Former state Sen. Gail Schwartz has repeatedly accused U.S. Rep. Scott Tipton of being “bought and sold” by special interests such as coal mining and oil and gas companies, but now the Democratic challenger for Tipton’s 3rd Congressional District seat is doubling down by trying to link the Republican incumbent to the presidential campaign of Donald Trump.
“[Tipton’s] aligned himself with Donald Trump, saying ‘sell off our public lands and protect these [coal] jobs that have no future,’” Schwartz told the Rocky Mountain Post Friday. “That’s the kind of stuff that is something we need to be very concerned with.”
Tipton has been careful not to explicitly endorse Trump thus far during the heated and controversial 2016 presidential campaign, and he was notably absent from the Republican National Convention in Cleveland in July. But during a phone interview last week, Tipton made it clear who he’d be voting for on Nov. 8.
“Given our choice, I’m going to support the Republican nominee over Hillary Clinton’s job-killing agenda,” Tipton said, adding that Schwartz has accepted campaign money from former House Speaker Nancy Pelosi, someone he said does not fit well in CD3, which includes most of Colorado’s Western as well Pueblo on the Front Range.
Connecting Schwartz to Democratic presidential frontrunner Clinton could be just as poisonous on the Western Slope as a Trump connection for Tipton, and Schwartz seems to know that. She too stayed away from the Democratic National Convention in Philadelphia in July.
“I’m not happy with how emails have been handled, not happy,” Schwartz said of Clinton’s email scandal during her tenure as secretary of state. “But at least we can address that issue. We haven’t devolved into this rhetoric of Donald Trump. We need to stand up for civilized discourse and make sure we are a country we can proud of and a country that’s open to everyone.”
On a conference call with reporters last week, Tipton yet again attacked Schwartz for her record of supporting renewable energy standards and policies during her eight years as a state senator when former Democratic Gov. Bill Ritter launched his “New Energy Economy.”
Schwartz defended her legislative legacy in the name of cleaning up Front Range smog, diversifying Colorado’s energy portfolio and protecting public lands for outdoor recreation. She launched her campaign in May by attacking Tipton for his campaign donor ties to an oil and gas company seeking favorable legislation for drilling in the Thompson Divide area near Carbondale.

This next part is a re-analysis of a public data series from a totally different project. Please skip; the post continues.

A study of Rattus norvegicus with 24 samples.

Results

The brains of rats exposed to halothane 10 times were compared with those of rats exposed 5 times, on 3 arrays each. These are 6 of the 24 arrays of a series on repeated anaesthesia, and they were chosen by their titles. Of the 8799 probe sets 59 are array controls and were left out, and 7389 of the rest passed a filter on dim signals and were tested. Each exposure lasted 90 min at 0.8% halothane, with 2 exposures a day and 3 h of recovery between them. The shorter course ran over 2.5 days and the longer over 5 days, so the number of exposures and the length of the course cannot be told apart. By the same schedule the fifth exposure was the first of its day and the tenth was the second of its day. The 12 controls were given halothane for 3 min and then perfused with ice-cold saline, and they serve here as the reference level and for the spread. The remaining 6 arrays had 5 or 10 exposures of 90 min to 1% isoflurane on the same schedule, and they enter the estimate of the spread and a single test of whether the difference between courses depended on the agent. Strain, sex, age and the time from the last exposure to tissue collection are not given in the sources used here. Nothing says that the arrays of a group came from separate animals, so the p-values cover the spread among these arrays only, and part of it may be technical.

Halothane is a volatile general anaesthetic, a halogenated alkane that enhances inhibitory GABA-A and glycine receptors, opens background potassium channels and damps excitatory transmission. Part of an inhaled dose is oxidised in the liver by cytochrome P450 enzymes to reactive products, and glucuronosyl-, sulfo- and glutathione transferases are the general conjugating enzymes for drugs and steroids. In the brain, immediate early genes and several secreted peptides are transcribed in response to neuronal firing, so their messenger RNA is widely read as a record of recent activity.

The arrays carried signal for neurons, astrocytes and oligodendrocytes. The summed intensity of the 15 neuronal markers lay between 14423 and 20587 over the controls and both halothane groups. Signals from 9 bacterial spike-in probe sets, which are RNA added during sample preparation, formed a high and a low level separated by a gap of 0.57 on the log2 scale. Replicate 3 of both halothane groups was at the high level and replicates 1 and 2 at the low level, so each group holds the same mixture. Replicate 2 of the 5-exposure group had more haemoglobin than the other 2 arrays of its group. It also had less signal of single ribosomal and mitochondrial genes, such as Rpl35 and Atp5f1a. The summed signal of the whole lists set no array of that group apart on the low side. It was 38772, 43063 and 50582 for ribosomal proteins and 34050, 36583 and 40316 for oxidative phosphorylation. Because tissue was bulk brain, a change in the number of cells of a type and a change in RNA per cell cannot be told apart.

Tipton’s PAC money donations have come from Arch Coal (which has filed for bankruptcy), British Petroleum, Chesapeake Energy, Exxon Mobil, Halliburton, Koch PAC, Anadarko, Peabody Energy (another bankrupt coal company), Oxbow Carbon and Minerals, Occidental Petroleum, Tesoro Petroleum, WPX Energy and The Williams Company. Schwartz’s PAC money comes from Nancy Pelosi for Congress, the League of Conservation Voters, Emily’s List, and labor unions such as the International Brotherhood of Electrical Workers.
Tipton last week accused Schwartz of answering to environmentalists in Denver and Aspen instead of coalminers in the economically devastated North Fork Valley in Delta County.
“We’ve got two economies in Colorado right now,” Tipton said. “Metropolitan areas, some of our resort areas are doing reasonably well, but as we move out into the rest of rural Colorado, and that’s primarily the 3rd Congressional District, we’re continuing to see communities struggle and we’re seeing policies that have actually helped create some of those scenarios.”
Tipton blames mandates from politicians like Schwartz for forcing coal-fired power plants to switch to natural gas and renewable energy.
“We’ve seen the devastating impacts of this legislation on real-life Coloradoans, and unfortunately Delta County, Colorado, has taken the brunt of Gail Schwartz’s tenure in the state Senate,” Tipton said of the more than 1,000 Colorado coal-mining jobs lost over the last several years as the global coal industry has collapsed.
Schwartz said less than 2 percent of the coal being burned for electricity in power plants converted or shut down by the Clean Air Clean Jobs Act in 2010 came from North Fork Valley coal mines. The vast majority of it came from Wyoming’s Power River Basin, Schwartz added, pointing out that Colorado still generates 60 percent of its power by burning coal.
“We can’t ignore the international collapse of the coal market,” said Schwartz, who points to the abundance of cheap natural gas and dramatic drop-off in demand for American coal in overseas markets like China.
BP, one of Tipton’s PAC donors, acknowledges that cheap natural gas has been coal’s biggest problem globally. Analysts point out Trump’s promise to return coal to its former glory in the U.S. does not mesh with his stated desire to continue expanding oil and gas production.
This spring, Trump and his advisors told various news outlets the real estate tycoon plans to balance the U.S. budget over the next eight years if elected, and one of the ways he’ll do that is by selling off $16 trillion worth of U.S. government assets.